Apparently Believed That Students and Professors Should Occupy the Same Classroom
Not So Sure
On Sunday Charlottesville was rocked by news that UVA's Board of Visitors had removed recently- appointed President Teresa Sullivan (pictured above) long before the expiration of her contract. UVa's Rector, Helen Dragas (also pictured above), issued a statement to the University's Deans and Vice Presidents explaining the Board's decision. Among other things, the statement included the following sentence:
"We also believe that higher education is on the brink of a transformation now that online delivery has been legitimized by some of the elite institutions."
Some, including Carter Eskew of the Washington Post, are claiming that the Board's decision to oust President Sullivan "has deeper implications for universities and colleges across the country." In particular, Eskew notes that "information is almost universally accessible" and that schools like MIT are now offering courses online "for free." He also opines that:
"[U]niversities are facing the same revolution that transformed the music and newspaper businesses— indeed, all the content businesses, of which they are a part."
At the same time, Eskew notes that Google is no substitute for "the complex social and intellectual transactions that take place in college" and concludes without offering much a prediction, as follows:
"This will take a while to all shake out, but in the meantime prepare for more shake-ups."
If Eskew is correct, then UVA's bipartisan Board is the latest to join the bipartisan chorus calling on colleges and universities to jettison traditional courses involving live instruction in favor of distance learning, all in the name of increasing academic productivity and increasing access to higher education. (See this joint Op-ed by Jeb Bush and Jim Hunt).
This blogger, an educator for 17 years, believes that the case for more distance learning at UVA, one of Virginia's two "Public Ivies," is weak at best.
To be sure, reliance on more digitally-driven "distance learning" could reduce the cost of providing a college education at UVA or anywhere else. Instead of attending class and interacting with professors inside and outside the classroom, students in Virginia, Oregon or China could watch videos of professors delivering lectures. Students with questions about the material could contact their professors by e-mail instead of asking such question during class or after class. In this way, a school could spread the cost of a particular class, say, Introduction to Psychology, among numerous students and thus reduce the cost per student of offering that class.
However, "cost" is only part of the equation determining an institution's productivity and thus value to students and the rest of society. One also has to examine the quality of the output produced. Right now, the market seems to be telling us that UVA is providing its students with tremendous value at a reasonable price, thereby indicating that the current model is not broken.
UVA participates in a highly competitive market for potential students. These potential students have access to a variety of sources of information about the price of various colleges and the type of education they offer. If other schools offered the same value for a lower price, or a better product that justified a higher price, potential students would flock to those schools, to the detriment of UVA. For instance, if students believed that MIT's free, not-for-credit online courses provided more value (net of cost) than the traditional courses provided by UVA, they would presumably take such courses from home, perhaps in their parents' basement, instead of applying to and attending traditional universities like UVA. Or, students could take online courses at degree-granting universities such as the University of Phoenix.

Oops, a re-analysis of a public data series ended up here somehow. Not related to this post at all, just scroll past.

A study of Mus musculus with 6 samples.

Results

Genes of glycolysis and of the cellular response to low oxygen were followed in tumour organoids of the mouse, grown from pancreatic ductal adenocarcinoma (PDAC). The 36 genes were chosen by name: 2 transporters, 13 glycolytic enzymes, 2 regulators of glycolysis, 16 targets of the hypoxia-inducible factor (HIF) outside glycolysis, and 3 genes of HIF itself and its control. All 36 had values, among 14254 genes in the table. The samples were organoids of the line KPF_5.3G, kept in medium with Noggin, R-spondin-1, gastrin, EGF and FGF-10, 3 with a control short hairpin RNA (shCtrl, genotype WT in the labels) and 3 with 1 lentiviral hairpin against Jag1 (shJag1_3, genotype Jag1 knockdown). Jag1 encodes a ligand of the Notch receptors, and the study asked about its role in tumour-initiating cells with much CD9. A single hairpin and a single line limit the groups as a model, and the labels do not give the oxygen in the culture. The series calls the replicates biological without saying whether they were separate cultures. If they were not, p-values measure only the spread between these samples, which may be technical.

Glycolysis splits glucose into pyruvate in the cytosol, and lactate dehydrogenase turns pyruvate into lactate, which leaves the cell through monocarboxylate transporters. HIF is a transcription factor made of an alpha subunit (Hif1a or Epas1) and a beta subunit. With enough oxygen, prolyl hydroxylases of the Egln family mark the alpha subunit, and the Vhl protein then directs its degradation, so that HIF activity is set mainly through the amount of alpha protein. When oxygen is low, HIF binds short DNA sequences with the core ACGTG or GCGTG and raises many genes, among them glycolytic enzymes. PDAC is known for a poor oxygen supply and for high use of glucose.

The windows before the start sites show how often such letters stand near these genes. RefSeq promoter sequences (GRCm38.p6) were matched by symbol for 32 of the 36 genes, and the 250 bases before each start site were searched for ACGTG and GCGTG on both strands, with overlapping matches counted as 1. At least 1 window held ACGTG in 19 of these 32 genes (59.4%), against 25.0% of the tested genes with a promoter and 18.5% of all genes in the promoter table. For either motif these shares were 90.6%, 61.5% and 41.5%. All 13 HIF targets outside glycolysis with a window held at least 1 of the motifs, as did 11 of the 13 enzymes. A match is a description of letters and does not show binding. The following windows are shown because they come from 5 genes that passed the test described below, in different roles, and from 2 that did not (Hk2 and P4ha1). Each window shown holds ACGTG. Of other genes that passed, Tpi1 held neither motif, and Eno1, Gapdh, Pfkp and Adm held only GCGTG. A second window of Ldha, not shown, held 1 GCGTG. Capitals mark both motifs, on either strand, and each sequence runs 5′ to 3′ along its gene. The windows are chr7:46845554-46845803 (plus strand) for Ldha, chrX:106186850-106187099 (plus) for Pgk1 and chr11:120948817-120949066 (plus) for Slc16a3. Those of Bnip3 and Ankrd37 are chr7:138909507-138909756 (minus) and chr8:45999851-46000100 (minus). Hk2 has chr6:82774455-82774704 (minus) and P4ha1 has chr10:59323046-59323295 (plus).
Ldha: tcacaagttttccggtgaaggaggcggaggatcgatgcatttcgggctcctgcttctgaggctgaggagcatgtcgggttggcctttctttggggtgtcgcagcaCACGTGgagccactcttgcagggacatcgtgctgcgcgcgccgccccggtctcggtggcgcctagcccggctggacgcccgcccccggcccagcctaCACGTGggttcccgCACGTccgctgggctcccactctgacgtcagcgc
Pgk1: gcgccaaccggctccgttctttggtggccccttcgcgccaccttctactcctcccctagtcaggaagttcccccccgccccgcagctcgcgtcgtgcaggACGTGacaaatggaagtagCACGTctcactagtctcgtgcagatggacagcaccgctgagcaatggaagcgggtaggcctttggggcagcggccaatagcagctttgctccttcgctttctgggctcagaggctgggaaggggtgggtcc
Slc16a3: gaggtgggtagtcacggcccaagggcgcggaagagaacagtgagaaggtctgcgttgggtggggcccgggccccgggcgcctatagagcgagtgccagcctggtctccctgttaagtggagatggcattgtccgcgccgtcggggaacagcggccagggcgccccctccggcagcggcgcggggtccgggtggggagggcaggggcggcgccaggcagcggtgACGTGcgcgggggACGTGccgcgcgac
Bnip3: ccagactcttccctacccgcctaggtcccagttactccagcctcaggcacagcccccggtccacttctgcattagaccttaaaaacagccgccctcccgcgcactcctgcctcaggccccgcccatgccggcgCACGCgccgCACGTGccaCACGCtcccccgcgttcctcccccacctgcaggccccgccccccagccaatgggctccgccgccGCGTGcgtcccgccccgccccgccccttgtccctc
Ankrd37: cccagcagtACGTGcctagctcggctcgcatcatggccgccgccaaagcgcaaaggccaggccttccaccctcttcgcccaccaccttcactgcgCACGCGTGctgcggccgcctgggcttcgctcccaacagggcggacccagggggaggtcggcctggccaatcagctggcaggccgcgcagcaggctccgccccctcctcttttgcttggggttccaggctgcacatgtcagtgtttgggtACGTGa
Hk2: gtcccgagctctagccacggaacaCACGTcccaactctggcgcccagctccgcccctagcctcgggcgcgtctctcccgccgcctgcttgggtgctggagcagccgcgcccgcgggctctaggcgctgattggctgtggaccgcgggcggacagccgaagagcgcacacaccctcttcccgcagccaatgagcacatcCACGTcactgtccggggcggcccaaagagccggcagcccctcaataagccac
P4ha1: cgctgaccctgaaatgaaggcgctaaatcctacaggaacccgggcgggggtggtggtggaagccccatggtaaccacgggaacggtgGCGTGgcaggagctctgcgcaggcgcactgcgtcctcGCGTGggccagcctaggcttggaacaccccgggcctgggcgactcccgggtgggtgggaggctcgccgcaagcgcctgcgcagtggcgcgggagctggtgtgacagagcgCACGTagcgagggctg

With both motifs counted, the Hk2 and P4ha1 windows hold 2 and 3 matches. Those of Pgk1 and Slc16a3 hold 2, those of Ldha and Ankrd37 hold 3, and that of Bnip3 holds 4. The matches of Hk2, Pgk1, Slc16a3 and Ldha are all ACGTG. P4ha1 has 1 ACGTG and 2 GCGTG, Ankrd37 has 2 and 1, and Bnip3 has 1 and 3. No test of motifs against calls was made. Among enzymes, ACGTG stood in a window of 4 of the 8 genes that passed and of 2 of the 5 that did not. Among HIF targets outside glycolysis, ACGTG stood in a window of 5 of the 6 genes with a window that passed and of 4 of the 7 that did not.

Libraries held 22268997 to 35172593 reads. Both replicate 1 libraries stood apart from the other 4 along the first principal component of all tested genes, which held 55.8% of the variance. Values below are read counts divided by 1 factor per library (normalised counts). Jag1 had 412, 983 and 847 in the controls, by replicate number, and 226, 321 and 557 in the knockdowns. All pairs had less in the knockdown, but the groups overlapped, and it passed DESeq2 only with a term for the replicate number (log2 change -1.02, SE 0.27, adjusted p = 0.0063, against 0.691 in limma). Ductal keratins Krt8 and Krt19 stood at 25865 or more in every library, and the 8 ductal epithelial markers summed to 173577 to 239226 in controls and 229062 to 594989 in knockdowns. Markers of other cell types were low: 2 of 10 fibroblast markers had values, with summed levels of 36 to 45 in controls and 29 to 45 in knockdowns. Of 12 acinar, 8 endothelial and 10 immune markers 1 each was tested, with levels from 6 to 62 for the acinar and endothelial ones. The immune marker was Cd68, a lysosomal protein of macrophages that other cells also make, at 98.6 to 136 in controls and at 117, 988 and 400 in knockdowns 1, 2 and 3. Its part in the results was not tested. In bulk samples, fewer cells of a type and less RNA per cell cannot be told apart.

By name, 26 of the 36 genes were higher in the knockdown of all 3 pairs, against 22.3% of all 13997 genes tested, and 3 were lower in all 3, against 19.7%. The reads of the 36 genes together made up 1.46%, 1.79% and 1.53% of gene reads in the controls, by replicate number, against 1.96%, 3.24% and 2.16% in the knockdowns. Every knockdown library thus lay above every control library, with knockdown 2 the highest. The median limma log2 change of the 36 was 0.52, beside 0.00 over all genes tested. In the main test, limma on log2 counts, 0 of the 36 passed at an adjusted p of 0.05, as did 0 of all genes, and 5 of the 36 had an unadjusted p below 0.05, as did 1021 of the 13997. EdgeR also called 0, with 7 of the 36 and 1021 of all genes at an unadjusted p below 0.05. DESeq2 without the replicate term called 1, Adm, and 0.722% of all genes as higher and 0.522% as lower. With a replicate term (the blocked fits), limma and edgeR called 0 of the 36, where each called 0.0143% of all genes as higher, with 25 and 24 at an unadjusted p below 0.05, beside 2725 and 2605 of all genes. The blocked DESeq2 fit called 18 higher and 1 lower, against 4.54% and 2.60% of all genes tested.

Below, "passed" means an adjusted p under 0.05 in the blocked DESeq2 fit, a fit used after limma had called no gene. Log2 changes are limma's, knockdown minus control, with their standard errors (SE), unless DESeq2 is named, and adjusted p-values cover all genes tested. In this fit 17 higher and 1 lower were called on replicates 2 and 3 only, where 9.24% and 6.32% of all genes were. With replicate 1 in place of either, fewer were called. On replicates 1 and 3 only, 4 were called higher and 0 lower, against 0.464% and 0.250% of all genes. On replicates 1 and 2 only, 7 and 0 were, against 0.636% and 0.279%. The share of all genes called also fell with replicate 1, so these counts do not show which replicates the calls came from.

There is, however, no indication that UVA is overpriced for the value it provides or that potential UVA students are forsaking UVA for other institutions with greater "online" content. On the contrary, in-state tuition at UVA, ranked 25th in the United States by U.S. News and World Report, will be $12,006 in 2012-2013. (Of course, students will also have to pay room and board, a cost they would have to incur whether or not they chose to attend college.) Moreover, many attending UVA will pay far less than this sticker price because of generous financial aid. Indeed, students from families earning $75,000 or less will pay nothing at all for tuition, fees and room and board, that is, will attend UVA for free. Schools with similar rankings in US News and World report charge far more: Wake Forest (tied for 25th), Tufts (29th), and Boston College (31st) all charge between $41,000 and $43,000 per year. (Of course these schools also provide financial some, with the result that some students pay less than the sticker price.)
Indeed, this year, UVA received over 28,000 applications from around the nation and the world to enroll in its 2012 entering class of fewer than 3,500, an 18 percent increase in applications over the previous year. As a result, the school enrolled what it calls its strongest entering class ever. Thousands of Virginians are clamoring to attend UVA, and most are happy to pay the full in-state price to do so. Thousands more Americans from other states apply each year as well, despite an out-of-state price tag about three times that paid by Virginians. International students are jumping on the bandwagon as well; applications to UVA by such students rose by 23 percent this most recent year.